Grainger: It Takes a Mentor

“If you want to build a ship, don’t drum up people to collect wood and don’t assign them tasks and work, but rather teach them to long for the endless immensity of the sea.” – Antoine de Saint-Exupery

Every Thursday, Brenda, a Cristo Rey senior, scours through customer requests for parts – motors, fasteners, tools and safety supplies, and organizes them in spreadsheets for her managers at W.W. Grainger, Inc. in Lake Forest. This data collection and entry work can sound tedious. But amid the sea of cubicles at this Fortune 500 industrial supply company, she’s found a mentor who has encouraged her goals and dreams, is engaged in helping her apply what she is learning and cares about her as a person.

“She’s always sending me emails and links to interesting college and career programs and encouraging me to go for it,” says Brenda, who thanks to her mentor’s prompting, last summer attended a unique, “High School Mini Medical School” sponsored by The University of Missouri School of Medicine for high school students interested in careers in medicine. “She’s someone who really seems to care and wants to help me make a difference in my future.”

“She” is Ruby Garcia. A 37-year-old Implementation Project Manager and 10-year Grainger veteran. For the last year-and-a-half, Garcia has served as a mentor for Brenda through an innovative mentoring program. The program pairs the 20 Cristo Rey students at the Lake Forest campus with adult mentors in addition to the supervisor’s students work with as part of the Corporate Work Study Program.

“The supervisors serve as role models, but we wanted to take the idea to the next level and see what we could do in actually helping them visualize their career paths and to take a hands-on interest in their aspirations,” says Carolina Ponce Delgado, GIS Accounting Manager, and supervisor of the CWSP at Grainger. She championed the mentorship program and oversaw its implementation. The mentorship program is sponsored by Grainger’s 228-member Latino Resource Group. In addition to the students’ five-days-a-month work schedule at Grainger, they meet at least once a month with their mentors and build a strong mentoring relationship through emails and phone calls.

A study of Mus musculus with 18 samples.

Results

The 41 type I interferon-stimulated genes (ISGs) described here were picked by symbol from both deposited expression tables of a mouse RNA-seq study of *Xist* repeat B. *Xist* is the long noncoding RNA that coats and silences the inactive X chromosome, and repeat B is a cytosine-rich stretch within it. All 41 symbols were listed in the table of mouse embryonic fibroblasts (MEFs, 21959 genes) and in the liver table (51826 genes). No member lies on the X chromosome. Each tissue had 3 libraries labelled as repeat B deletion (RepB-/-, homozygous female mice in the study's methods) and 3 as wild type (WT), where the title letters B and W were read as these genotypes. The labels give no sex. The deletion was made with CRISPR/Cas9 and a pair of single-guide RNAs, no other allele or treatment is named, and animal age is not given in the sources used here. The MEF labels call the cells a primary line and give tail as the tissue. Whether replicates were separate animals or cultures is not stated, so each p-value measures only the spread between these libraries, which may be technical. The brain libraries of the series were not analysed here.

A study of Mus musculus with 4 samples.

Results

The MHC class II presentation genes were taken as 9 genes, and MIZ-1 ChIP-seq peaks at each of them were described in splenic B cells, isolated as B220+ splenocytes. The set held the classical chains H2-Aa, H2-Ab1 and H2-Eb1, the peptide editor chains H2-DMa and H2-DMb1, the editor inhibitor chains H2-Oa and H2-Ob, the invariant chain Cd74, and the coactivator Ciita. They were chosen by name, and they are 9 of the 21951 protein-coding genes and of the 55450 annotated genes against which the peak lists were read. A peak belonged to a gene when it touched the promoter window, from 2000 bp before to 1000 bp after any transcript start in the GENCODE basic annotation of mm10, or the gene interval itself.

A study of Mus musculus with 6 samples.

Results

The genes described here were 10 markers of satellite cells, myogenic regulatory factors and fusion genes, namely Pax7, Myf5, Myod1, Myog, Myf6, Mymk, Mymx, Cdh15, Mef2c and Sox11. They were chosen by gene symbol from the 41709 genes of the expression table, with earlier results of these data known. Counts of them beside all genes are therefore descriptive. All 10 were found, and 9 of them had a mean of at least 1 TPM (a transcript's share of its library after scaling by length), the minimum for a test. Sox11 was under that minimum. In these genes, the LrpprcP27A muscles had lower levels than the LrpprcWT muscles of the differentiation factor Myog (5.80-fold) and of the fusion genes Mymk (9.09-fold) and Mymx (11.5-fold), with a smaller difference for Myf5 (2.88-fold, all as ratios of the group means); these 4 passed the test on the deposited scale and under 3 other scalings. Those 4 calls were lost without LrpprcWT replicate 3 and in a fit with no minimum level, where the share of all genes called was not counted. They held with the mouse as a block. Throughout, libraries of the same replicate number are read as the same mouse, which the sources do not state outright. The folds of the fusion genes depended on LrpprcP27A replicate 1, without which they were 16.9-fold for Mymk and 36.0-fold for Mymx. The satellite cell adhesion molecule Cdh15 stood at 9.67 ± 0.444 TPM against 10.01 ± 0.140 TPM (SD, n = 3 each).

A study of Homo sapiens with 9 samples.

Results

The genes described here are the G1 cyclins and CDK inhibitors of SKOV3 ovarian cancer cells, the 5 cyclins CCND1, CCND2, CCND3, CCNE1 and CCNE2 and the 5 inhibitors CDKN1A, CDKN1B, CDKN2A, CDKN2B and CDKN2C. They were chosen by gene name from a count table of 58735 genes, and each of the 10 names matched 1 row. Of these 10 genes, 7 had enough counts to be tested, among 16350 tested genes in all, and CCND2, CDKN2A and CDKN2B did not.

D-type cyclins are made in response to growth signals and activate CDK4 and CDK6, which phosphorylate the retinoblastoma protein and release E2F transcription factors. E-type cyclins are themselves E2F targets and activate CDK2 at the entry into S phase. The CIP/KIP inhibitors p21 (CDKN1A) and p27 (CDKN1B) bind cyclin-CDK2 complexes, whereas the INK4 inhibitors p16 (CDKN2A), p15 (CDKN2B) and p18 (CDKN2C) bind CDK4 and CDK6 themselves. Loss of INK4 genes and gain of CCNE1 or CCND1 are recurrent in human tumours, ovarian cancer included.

For students like Brenda, it is doing exactly that. “I remember being in high school and wishing I had someone who could help me with that self-discovery and figuring out what I wanted to do with my life,” says Garcia, a single mom of two, who was the first one in her family to graduate high school and go on to college. She’s also one of 26 Latino women who is being featured in a soon-to-be-released book: Today’s Inspired Latina: Life Stories of Success in the Face of Adversity (Fig Factor Media).) “Brenda is really passionate about wanting to do something that is hands-on helping people, possibly dentistry, and I am trying to help her find the scholarship opportunities and clarity around that.”

It is the opportunity to create and share dreams with Cristo Rey students that inspires Enrique Juarez, a 28-year-old Marketing Systems Project Manager to mentor two students – sophomores Jonathan and Alondra.

“I wish that when I was in high school I had someone who could help guide me,” says Juarez. “My mom worked in a packaging warehouse and my dad was a forklift driver and neither of my two older brothers and younger sister were interested in the whole college/career things so I was on my own trying to sort it all out. Looking back, I feel as if I would have been leaps and bounds ahead if I had someone who I could have talked to who had walked the walk and could create a vision for me of what to aspire and long for. Now, I’m trying to be that person.”

Juarez is making a difference in the lives of his mentees – Jonathan and Alondra. “One of my dream careers would be to be a chef and Enrique arranged for me to interview a chef in Chicago about his career,” said Jonathan. Alondra adds: “He’s really trying to help us become the best we can be. One thing he really helped me with was to write a resume so I could get a summer job.”

“We hold Grainger up as a model to share best practices with our other business partners,” says Hugo Chavez, Managing Director, Corporate Work Study Program, describing a partnership that started in 2008. Students are challenged in their jobs and do department level work that brings value to their departments. Each student enjoys working at Grainger at a number of levels: performing challenging work, building strong resumes, receiving letters of recommendation for their college applications and establishing relationships with their co-workers and mentors. CRSM is grateful for the opportunity to now have 20 students working at Grainger and values this relationship.”